Boneless Leg of Lamb - Ideas?

Hey Gang,

So my husband picked up a boneless leg of lamb at Costco. I have never cooked lamb before. I saw a recipe to roast it at 325 for 2-2 1/2 hours, until 135 in the middle. That sounds fine and easy. But anyone have any better ideas for cooking the meat? I also have a sous vide machine, a pressure cooker, and fairly well stocked kitchen.

Any fool proof rubs or seasonings for lamb? What sides should I do? I’m thinking greek, so I will definitely make a tzatziki sauce. And I have some frozen mini-spanikopitas left over from a girls’ night, that I will pop in for an appetizer.

Thanks in advance!

Here is a recipe for lamb cacciatore that I submitted to the Usenet cookbook many years ago. The recipe calls for four pounds of meat, but it doesn’t really matter if you don’t have that amount.

Stab it deeply at 1.5 inch spacing all over with a sharp, thin-bladed knife - into each slit, push a sliver of garlic, a few leaves of rosemary and half an anchovy fillet (the really salty ones that come in little oblong cans), Bake/roast until still just pink inside, or cook without additional liquid in a slow cooker until it’s falling apart.

Lamb+rosemary+salt(in this case, anchovies) = awesome.

Roald Dahl had one idea what to do with it…

Mustard, rosemary, garlic, salt, pepper and brown sugar. Mix them all together.

Remove the netting from the leg of lamb and use a good sharp knife to make sure it fully opens and is more or less an even thickness. You’re doing that because the next step is to slather the above mixture all over the inside - the even thickness makes sure the flavor gets into the large muscles.

Put the netting back on and slather the outside.

Now at this point, your best bet is to throw this guy on the grill, sear the outsides nice and dark and then put it off the direct heat until it gets to 135-140 (depending on your preference). This takes about 75 minutes for me, but I trust to the thermometer, not the clock.

You can do the same recipe in the oven, but the char and smoke are a key element of the flavor for me. Still, you’ll get something pretty edible even in the oven.

(Note: I think this recipe is based on Alton Brown’s, but it’s in my head now and I don’t know how close mine is to the original. But if you need measurements other than “enough to look right” you’ll probably want to look AB’s version up.)

(Note 2: Mint is never allowed anywhere near my lamb. I don’t know where that tradition started, but I can’t stand that flavor combination.)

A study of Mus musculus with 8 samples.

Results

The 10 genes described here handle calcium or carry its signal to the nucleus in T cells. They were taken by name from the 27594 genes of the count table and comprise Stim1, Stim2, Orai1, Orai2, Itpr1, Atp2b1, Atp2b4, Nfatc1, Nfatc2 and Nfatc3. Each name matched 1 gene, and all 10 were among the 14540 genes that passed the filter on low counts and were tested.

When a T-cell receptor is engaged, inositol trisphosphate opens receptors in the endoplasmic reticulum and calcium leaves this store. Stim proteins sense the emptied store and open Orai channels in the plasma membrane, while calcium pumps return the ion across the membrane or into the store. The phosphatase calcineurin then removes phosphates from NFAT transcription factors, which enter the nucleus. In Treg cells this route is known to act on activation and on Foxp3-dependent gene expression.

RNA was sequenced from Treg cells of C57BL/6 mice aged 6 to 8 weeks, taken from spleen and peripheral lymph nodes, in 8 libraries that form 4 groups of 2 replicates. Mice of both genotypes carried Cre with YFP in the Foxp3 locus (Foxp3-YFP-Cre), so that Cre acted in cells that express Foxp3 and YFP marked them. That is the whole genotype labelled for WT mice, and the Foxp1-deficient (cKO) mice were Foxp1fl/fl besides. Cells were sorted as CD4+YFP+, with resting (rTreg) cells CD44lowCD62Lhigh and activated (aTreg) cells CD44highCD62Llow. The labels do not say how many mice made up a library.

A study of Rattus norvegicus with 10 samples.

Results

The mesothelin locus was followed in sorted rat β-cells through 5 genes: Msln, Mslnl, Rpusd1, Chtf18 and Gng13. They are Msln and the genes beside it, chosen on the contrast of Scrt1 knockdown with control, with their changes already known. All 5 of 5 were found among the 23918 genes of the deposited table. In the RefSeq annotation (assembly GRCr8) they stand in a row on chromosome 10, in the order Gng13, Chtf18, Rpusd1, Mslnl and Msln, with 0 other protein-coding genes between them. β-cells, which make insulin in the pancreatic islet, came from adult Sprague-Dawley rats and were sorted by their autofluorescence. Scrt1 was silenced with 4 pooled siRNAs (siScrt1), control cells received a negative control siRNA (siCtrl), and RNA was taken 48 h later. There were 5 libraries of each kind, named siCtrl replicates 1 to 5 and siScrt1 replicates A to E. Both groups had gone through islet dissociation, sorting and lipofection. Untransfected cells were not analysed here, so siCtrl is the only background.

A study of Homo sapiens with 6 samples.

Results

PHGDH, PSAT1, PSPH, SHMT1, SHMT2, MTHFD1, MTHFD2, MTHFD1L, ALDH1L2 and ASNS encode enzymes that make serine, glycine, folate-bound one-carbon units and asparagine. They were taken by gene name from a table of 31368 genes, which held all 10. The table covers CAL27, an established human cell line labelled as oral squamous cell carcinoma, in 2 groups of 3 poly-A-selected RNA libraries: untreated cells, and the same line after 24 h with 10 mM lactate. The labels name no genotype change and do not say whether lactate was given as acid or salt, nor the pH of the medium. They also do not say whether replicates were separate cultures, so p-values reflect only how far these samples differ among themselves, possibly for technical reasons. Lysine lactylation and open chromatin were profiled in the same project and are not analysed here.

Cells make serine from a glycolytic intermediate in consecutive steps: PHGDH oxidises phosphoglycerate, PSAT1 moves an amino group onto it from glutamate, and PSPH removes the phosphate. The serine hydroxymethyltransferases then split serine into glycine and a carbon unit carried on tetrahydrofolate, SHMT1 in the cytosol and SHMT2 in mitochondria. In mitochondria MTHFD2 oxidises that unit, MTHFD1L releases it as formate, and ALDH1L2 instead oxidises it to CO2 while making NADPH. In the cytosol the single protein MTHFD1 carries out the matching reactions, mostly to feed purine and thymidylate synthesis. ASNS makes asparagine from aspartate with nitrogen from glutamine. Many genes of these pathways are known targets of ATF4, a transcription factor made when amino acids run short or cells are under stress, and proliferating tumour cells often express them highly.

I have prepared that exact same lamb from Costco. The last time was just a couple weeks ago, infact.

Rosemary is nice indeed! But last time I just used pepper and curry powder. I have read to not use salt since it draws out the moisture, so I didn’t last time and it was just fine. On the other I didn’t notice it getting dry when I did salt, it, so…

What I did is place it with the fattier side up in a shallow pan. 425 for mebbe 20 minutes, just long enough so it starts getting crispy on the outside. Then down to 325 for the rest of the time. I let mine go to 145, because I was feeding it to kids as well and they might not go for the more rare. Covered with foil to rest for about 20 minutes.

I bought half a leg of lamb last week and made “seven hour lamb” at the weekend, a French dish where the lamb is cooked for seven hours on a very low heat (120 degrees C). It was the tenderest lamb I have ever had. Recipes differ, but this is similar to the one I followed.

Thanks for the reminder that the Aussie lambs are in now. I know what’s for Sunday dinner.

Thanks guys!

I didn’t know what to do with the netting, so I cut it off. I slathered the whole thing in olive oil, salt, pepper, and garlic powder. Then I trussed it back up in some kitchen twine, and stuck a few rosemary branches under the twine.

It will go in the oven around 3pm.

I love that grill recipe, and will definitely try that once it gets a bit warmer out, dracoi!

My husband and I cooked some steaks like this a few weekends ago. Awesome sauce.

Your lamb needs a dose of Skelegro. If you can’t get any, he’ll have to make do with a brace.

I rub it with a little olive oil, with kosher salt, minced garlic, and rosemary. Roast it until it’s rare to medium-rare. The first round of leftovers is reheated roast. After that, the rest is ground up in the meat grinder, mixed with frozen mixed vegetables and the leftover gravy, put into a casserole/baking dish, topped with the leftover mashed potatoes or colcannon, and baked in the oven until the potatoes are browned a bit. Yum.

Unfortunately, the SO does not care for lamb (roast, steaks, meatballs, burgers…) so it’s off the menu. :frowning:

Oh God, I swear I just SMELLED lamb. Unfortunately, no lamb in sight.

Canned minestrone it is. Sight.

Agreed. I hope his other legs had bones. Poor lamb.

I usually do this using garlic, the end of a scallion, and a piece of a pepper. Rosemary does go quite well with lamb but my wife is allergic to it. I often lard the leg as well because I like it more well done and it keeps it from drying out. I will try the anchovies the next time.

Don’t forget the mint sauce (and don’t cop out with that sweet mint jelly):

Ingredients: balsamic vinegar, fresh mint leaves chopped small (dried mint works, too), brown sugar

Heat these in a small saucepan (on low heat with occasional stirring) until sugar is dissolved.

Just this past weekend on PBS Jacques Pepin had a boneless leg of lamb. He took off the netting and cut it up into the separate muscles and described what to do with each, e.g. steaks, roast, filets. If you can find that video it might be useful for your leg of lamb education.

It’s really good - the anchovies sort of melt into the meat and just make it all deeply, intensely savoury, rather than fishy.

Dear god this sounds utterly phenomenal.

Do you brown first before tossing into slow cooker? High or just low on cooker - about how long?